Passed On Croatian Traditions
By: Cathryn Morovich
Many Croatian traditions have been passed from one generation to the next, perpetuating our beautiful and colorful heritage. The art of wine making and “rakja” (white lighting whiskey), hand work such as knitting, crocheting and embroidery, music played on the tambura, accordion or guitar and of course the many, many verses to folk songs which vary from region to region and village to village. Hearty main dishes of meat and fish stews, soups, BBQ lamb and pork, and of course the delicious old fashion cabbage rolls called Sarma, were a staple on a Croatian dining table.
One of the most endearing of passed-on traditions is the baking of delicious breads, cookies and other delicacies, lovingly mixed, kneaded, rolled and shaped with artistic hands. Bread baking was done on a regular basis, however, a variety of baked goods were prepared for special occasions.
Hrstule were fried for Christmas, weddings and baptisms. Povitica (also called Orahnjača) and Frite (also called Pršurate or Uštipci) were also prepared for the holiday.
Easter had its own special bread, which depending on the region is called Pogača, Sirnica or Uskrsnica. What made this bread so different were the 12 eggs that were part of the recipe. It seems that every baker had their own take or variation to the bread. Some used fresh lemons and oranges for flavoring. Anise and vanilla are also options. The bread can be decorated with a cross or an egg inserted in the top of each loaf.
Here is the Pogača recipe that my mother-in-law Ane Branica Morovich passed on to me. I’ve cut the recipe to make the dough easier to handle.
Grandma Ane’s Pogaca
1 cube butter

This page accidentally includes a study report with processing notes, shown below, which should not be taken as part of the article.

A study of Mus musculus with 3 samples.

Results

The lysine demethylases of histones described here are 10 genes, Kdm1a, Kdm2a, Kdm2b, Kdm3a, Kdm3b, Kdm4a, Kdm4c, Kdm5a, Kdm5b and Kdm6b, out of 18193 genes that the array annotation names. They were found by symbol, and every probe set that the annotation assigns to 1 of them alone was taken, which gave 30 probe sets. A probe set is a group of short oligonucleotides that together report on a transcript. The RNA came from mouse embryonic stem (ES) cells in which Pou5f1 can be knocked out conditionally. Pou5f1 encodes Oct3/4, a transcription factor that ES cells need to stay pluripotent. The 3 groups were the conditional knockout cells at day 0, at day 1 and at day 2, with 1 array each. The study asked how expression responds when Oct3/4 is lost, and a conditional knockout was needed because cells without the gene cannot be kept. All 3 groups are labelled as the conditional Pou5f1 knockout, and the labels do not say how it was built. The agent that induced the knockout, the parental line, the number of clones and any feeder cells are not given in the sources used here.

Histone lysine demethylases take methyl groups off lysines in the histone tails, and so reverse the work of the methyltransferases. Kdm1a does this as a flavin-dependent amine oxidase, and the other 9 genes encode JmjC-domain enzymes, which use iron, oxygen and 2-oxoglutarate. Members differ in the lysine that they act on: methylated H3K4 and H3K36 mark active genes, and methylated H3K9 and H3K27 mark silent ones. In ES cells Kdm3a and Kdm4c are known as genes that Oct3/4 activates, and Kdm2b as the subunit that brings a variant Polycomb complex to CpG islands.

1 orange juice and grated rind
½ lemon juice and grated rind
1 ½ cups granulated sugar
2 packages of dried yeast
1 cup milk
2 tsp salt
2 tsp pure vanilla flavoring
2 – 3 tsp pure anise flavoring (optional and to taste)
5-7 cups of sifted all purpose flour or enough to make a soft dough
Warm milk in sauce pan with butter, salt and sugar until butter is melted and sugar dissolved. Set aside to cool. In the mean time, proof yeast in ¼ cup of warm water. Beat eggs, add flavorings, cooled milk mixture, juices and grated rind and yeast. Mix in the flour enough to form a soft dough. Knead on a floured surface until the dough is soft and smooth. Place in a greased bowl, cover with plastic wrap and a clean kitchen towel. Set aside in a warm draft free place to rise until doubled in bulk, approximately 2 hours.
Grease three 8” round pans. When dough has doubled in bulk, place it on a floured surface , cut it in three pieces and form each in a round loaf. Place in the greased baking pans, cover with plastic wrap and a clean kitchen towel and let rise again until doubled in bulk. Just before putting the bread in a pre-heated 350° oven, cut a cross on the top of each loaf with a sharp knife. Brush with tops with egg wash and bake for 35 – 40 minutes until the bread is done.